Thursday, March 21, 2013

Eureka . . . in pictures

Boarded up house along Main Street, Eureka
Since the release of "Tide Ever Rising" I've had a lot of people ask about Eureka and what it's like to visit. I always recommend a trip if you live close by. It's well worth the time and definitely a fun little town to explore. Here are some pictures from our family's last trip to see the town. We love to explore the surrounding areas and always stop in the near by ghost town of Silver City (approx. 2 mi outside of Eureka) to rock hound for minerals such as azurite, malachite and pyrite.  (Be aware of open mine shafts in the area at all times!!! They are hard to see, and if you aren't paying attention you can stumble right into one. We always keep our kids very, very close and do a sweep of the area before we explore further.)

The town is built along the hills near cedar-covered mountains. Many homes are abandoned  while others are occupied. It is a unique mix of old and new. Just outside of town is a small cemetery  The older headstones are fascinating and it's a fun place to explore the town's history.

On our way. . . . We stopped in a field near Goshen, Utah

It was a cold morning

A View of Main Street, Eureka


Porter Rockwell's Cabin along Main Street, Eureaka
During summer months the door remains unlocked and you can explore inside

A short history of Eureka's mining history taken from Wikipeida: "Eureka was originally known as Ruby Hollow before it developed into a bustling mining town. Incorporated as a city in 1892, Eureka became the financial center for the Tintic Mining District, a wealthy gold and silver mining area in Utah and Juab counties. The district was organized in 1869 and by 1899 became one of the top mineral producing areas in Utah. Eureka housed the "Big Four" mines—Bullion Beck and Champion, Centennial Eureka, Eureka Hill, and Gemini-and later the Chief Consolidated Mining Company.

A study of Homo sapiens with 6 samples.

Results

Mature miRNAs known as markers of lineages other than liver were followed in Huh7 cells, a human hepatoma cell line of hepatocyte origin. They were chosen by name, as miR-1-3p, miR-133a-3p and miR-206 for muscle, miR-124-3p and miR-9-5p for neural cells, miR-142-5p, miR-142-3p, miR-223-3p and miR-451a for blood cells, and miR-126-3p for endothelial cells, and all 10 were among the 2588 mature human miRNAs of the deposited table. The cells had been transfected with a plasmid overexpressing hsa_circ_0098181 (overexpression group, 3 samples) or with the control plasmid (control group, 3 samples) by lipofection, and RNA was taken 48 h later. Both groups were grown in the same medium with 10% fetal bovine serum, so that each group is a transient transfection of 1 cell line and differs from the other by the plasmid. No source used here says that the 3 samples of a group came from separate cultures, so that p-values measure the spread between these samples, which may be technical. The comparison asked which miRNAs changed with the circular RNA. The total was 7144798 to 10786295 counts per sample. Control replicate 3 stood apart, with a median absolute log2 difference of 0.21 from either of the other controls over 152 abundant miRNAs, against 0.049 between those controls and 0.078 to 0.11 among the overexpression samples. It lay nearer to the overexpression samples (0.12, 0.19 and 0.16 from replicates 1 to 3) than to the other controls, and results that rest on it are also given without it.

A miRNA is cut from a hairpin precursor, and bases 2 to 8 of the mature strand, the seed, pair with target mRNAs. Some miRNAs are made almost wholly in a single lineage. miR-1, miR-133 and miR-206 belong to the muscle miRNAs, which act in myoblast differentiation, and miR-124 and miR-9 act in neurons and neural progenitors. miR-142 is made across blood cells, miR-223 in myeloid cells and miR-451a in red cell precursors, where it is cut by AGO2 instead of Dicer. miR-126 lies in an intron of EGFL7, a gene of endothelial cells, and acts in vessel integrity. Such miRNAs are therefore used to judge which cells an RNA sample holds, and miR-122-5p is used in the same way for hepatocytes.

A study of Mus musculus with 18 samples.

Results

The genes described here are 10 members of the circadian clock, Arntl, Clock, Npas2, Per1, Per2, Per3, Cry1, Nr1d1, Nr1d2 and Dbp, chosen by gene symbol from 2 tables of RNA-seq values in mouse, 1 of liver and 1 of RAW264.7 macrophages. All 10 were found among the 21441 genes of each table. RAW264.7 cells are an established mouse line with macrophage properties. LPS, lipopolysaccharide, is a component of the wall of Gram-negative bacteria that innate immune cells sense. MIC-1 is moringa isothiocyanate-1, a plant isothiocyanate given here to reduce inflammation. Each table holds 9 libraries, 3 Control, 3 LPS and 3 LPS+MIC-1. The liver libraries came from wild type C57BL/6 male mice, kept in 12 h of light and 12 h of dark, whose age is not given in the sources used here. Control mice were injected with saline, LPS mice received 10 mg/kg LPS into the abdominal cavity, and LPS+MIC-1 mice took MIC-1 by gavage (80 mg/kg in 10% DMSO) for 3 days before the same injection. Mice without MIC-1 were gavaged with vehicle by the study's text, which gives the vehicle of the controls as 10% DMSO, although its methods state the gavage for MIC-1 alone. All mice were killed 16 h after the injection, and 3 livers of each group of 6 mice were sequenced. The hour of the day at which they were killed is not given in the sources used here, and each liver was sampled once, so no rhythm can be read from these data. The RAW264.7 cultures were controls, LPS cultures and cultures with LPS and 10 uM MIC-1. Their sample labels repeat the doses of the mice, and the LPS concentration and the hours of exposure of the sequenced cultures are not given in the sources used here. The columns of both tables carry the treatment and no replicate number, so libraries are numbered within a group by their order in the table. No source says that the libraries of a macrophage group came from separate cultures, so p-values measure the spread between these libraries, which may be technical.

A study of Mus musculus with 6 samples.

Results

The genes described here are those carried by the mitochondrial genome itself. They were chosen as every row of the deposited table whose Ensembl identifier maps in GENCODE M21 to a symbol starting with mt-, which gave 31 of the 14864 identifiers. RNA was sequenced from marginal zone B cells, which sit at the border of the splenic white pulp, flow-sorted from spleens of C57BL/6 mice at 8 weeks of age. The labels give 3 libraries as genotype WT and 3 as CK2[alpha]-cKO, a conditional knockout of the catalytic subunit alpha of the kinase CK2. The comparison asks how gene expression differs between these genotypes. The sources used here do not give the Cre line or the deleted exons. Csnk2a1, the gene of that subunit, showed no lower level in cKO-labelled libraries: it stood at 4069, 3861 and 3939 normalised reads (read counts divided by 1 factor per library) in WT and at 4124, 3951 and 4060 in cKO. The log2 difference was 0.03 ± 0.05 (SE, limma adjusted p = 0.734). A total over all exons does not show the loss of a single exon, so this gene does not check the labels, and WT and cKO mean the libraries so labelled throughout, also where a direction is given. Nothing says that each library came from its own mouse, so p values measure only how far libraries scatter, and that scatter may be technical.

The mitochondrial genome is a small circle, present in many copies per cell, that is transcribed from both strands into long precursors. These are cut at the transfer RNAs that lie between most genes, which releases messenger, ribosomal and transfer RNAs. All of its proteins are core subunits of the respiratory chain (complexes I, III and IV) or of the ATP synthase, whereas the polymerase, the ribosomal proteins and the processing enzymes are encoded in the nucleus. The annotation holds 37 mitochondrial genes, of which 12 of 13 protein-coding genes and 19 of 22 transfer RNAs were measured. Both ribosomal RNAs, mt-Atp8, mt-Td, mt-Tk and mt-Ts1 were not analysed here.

Eureka's role as the central financial point for the district ensured its survival. It housed business establishments, including the second-ever JCPenney store (then called the Golden Rule Store), financial institutions, local and county governmental buildings including Eureka City Hall (1899) and a Juab County Courthouse (1892), various churches, and the meeting places for numerous labor, social, and fraternal organizations. Mining entrepreneurs such as John Q. Packard, John Beck, Jesse Knight, and Walter Fitch Sr. were important figures in Eureka and Tintic history. In 1979 Eureka was placed in the National Register of Historic Places as part of the Tintic Mining District Multiple Resource Area, recognizing the importance of remaining buildings and sites."

More buildings along Main Street, Eureka

Eureka City Hall Building

Inside view of crumbling building with old chair along Main Street 

Sign painted on side of building for old department store

A view of Eureka City, 1911/ Wikipedia: 

Main Street, Eureka today

Store front with collapsed roof

Store advertisement 

Some buildings are occupied by local businesses while others are empty

Gatley Building

Abandoned store fronts

The old buildings and crumbling brick make for some fun photo backdrops

 Here are just a few of the minerals you can pick up outside of town near Silver City (Please respect private property and mining claims)  And if you're looking for a fun day of Rock Hounding you can head further West toward Delta.





  1. Sounds like a fascinating place to visit. The pictures were awesome and now I want to take a trip. Thanks for sharing!